Participants in the inaugural meeting of the Third Culture Club (3CC) gathered in the MLK Lounge Oct. 9 to discuss the meaning of being a third culture kid (TCK) and their visions for the future of the club.
A TCK is “a person who has spent a significant part of his or her developmental years outside the parents’ culture,” a definition club president Dilin Massand (junior) used for their posters.
Having grown up in New York and moved to Dubai in his early teens, Massand said he founded the “Third Culture Club” (3CC) in hopes of creating a relatable space for TCKs at Occidental.
Massand said he joined the South Asian Students Association (SASA) and the International Students Organization (ISO) during his first year, but felt that neither fulfilled what he was looking for.
“I kind of felt like it was hard to entirely relate to the other people in these groups,” Massand said. “I realized that there’s a ton of kids here that have been in similar situations as me. So why not create a space where everybody can just come and relate to each other?”
Massand said he hopes to bridge the gap for students who may have tried other clubs but feel as though they might not fit into every organization.
According to Massand, he has a different experience at Occidental than students who have only lived in the US domestically.
“Coming in freshman year, I just felt in certain instances, in classrooms and socially, you have a slightly different perspective than a lot of the kids who grew up so ‘U.S. centric,’ because the majority of the kids here are domestic. But by that same token, it also helped me meet people,” Massand said.
Massand met some of his fellow TCKs first year and has been friends with them ever since. He said some of them are helping him start the club by filling secretary and treasurer roles.
The club is trying to help those who find solace in their shared global experience, according to Massand.
While the term TCK has only been in use for the past 10 or 15 years, Massand notes that certain third culture experiences can be attributed to an increase in globalism and the exchange between domestic and international companies.
“I think as time progresses and the world just gets more globalized and people move around more for work or whatever reasons, it will gradually become a more well-known thing because it’s such a nuanced identity,” Massand said.
The discussion at the club’s first meeting ranged from the differences between immigration and being a TCK to the club’s role as a social versus cultural club and the potential for club mixers and events to spread the word.
Massand also said he hopes the club can become a somewhat casual meeting place for fellow TCKs, or whoever is interested, to come and talk about anything.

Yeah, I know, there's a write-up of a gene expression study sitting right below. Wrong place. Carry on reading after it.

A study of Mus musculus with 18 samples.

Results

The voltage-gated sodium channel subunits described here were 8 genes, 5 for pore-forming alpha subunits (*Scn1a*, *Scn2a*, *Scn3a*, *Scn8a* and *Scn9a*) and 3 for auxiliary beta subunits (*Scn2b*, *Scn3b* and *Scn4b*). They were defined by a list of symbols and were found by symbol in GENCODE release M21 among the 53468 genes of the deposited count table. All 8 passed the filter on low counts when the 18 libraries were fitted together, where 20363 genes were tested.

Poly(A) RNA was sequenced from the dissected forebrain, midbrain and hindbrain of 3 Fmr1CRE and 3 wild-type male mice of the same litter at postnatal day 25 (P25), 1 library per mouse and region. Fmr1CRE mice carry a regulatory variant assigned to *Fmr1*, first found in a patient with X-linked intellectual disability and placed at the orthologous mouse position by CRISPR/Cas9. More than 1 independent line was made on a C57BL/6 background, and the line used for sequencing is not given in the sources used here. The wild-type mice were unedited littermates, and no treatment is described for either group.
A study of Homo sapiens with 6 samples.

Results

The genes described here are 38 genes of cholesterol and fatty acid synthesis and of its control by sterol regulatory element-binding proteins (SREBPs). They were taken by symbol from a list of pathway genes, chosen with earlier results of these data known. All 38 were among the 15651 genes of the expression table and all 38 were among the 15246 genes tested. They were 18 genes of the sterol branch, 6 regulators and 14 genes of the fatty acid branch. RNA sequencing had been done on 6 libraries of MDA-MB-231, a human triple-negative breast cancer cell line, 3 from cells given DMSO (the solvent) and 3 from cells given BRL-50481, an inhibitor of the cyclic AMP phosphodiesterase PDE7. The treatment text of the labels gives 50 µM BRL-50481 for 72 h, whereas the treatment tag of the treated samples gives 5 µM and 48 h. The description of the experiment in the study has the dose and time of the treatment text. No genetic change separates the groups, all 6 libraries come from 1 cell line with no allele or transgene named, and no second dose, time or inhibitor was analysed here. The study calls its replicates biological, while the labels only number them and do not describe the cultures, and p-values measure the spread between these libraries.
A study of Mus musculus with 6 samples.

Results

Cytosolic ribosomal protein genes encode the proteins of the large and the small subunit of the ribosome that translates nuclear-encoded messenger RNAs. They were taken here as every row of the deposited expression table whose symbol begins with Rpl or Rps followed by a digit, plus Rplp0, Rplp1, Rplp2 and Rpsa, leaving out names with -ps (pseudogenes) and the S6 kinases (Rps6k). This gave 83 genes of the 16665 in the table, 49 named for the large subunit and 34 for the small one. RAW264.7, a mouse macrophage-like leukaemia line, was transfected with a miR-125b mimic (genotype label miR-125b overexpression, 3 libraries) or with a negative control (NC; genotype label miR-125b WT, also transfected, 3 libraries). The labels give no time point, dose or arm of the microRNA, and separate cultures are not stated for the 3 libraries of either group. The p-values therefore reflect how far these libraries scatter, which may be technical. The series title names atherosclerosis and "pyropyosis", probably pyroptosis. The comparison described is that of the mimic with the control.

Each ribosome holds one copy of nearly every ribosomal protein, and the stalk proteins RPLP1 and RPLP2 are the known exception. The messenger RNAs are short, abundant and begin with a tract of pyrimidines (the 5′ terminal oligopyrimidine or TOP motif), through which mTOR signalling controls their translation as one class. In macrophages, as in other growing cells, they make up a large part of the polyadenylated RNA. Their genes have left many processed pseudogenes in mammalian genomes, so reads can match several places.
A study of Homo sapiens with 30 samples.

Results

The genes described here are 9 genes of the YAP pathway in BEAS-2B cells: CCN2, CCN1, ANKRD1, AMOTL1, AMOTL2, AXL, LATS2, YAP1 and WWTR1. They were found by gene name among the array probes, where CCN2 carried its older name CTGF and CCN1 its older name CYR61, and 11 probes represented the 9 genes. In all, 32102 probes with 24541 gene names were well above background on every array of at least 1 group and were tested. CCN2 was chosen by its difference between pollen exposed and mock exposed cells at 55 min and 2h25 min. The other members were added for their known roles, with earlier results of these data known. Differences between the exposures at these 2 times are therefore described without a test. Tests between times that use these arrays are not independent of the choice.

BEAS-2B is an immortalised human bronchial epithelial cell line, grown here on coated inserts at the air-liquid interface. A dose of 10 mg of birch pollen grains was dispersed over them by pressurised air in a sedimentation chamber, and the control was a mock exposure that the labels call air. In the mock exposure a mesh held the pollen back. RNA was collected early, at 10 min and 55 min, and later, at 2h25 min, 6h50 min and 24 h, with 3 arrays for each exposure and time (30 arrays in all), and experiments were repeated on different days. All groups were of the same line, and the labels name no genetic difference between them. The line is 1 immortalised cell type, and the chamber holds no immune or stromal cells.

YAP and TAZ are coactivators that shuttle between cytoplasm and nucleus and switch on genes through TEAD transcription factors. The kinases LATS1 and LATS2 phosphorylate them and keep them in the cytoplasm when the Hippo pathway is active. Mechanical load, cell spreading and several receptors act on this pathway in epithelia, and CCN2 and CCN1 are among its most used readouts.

“I don’t want it to be a serious thing where we come in once a week and we have hardcore roundtable discussions,” Massand said. “I really just want it to be a space where people who have similar experiences can just come and bond and get to know each other.”
Jason Mittler (senior), who attended the meeting, identifies as a TCK and is an international student who is a member of ISO, a dual identity that is not uncommon among TCKs. For him, the club represents a specific space that did not necessarily exist his first year.
“There’s not really that much space for this group of people with this commonality, I guess,” Mittler said. “I know that when I came to Oxy, that was something I was really looking for.”
Another participant, Yingfei Xin (junior), is not a TCK herself, but an international student who wants to learn more about the third culture experience.
“I just find the idea of being a TCK very interesting, how a person can have different cultural backgrounds,” Xin said. “I was pretty involved in the ISO, and last semester they had a meeting about TCK, so I was there and I listened to some of TCK sharing their experiences, and I found this super cool.”
The overlap between TCK and international students is multilayered, as some people fit into both categories but find differences between the two identities, according to Xin.
Xin said TCKs have a different understanding of what it means to be an international student.
“I feel like for international students, it’s a very big umbrella term and it sometimes does not really capture people’s experience. I can say that both me and that third cultural kid who has said, ‘I don’t know where I’m from,’ we’re both international students, but I would not be able to understand her as well as a TCK would understand her,” Xin said. “All international experiences are different and all international students are different.”
Massand said he hopes that in the future, the club will recruit more members and expand upon what it means to be a TCK at Occidental.
Massand said he is also excited to see what forms the club takes as time goes on, with ideas of group dinners and outings floating around.
“We’re just still trying to see how things pan out and hope for the best,” Massand said. “Even if you think you might be third culture or you’re not sure, just come to the meeting.”
3CC meetings are held at 7:30 p.m. on Wednesday nights at the MLK Lounge in Pauley Residence Hall.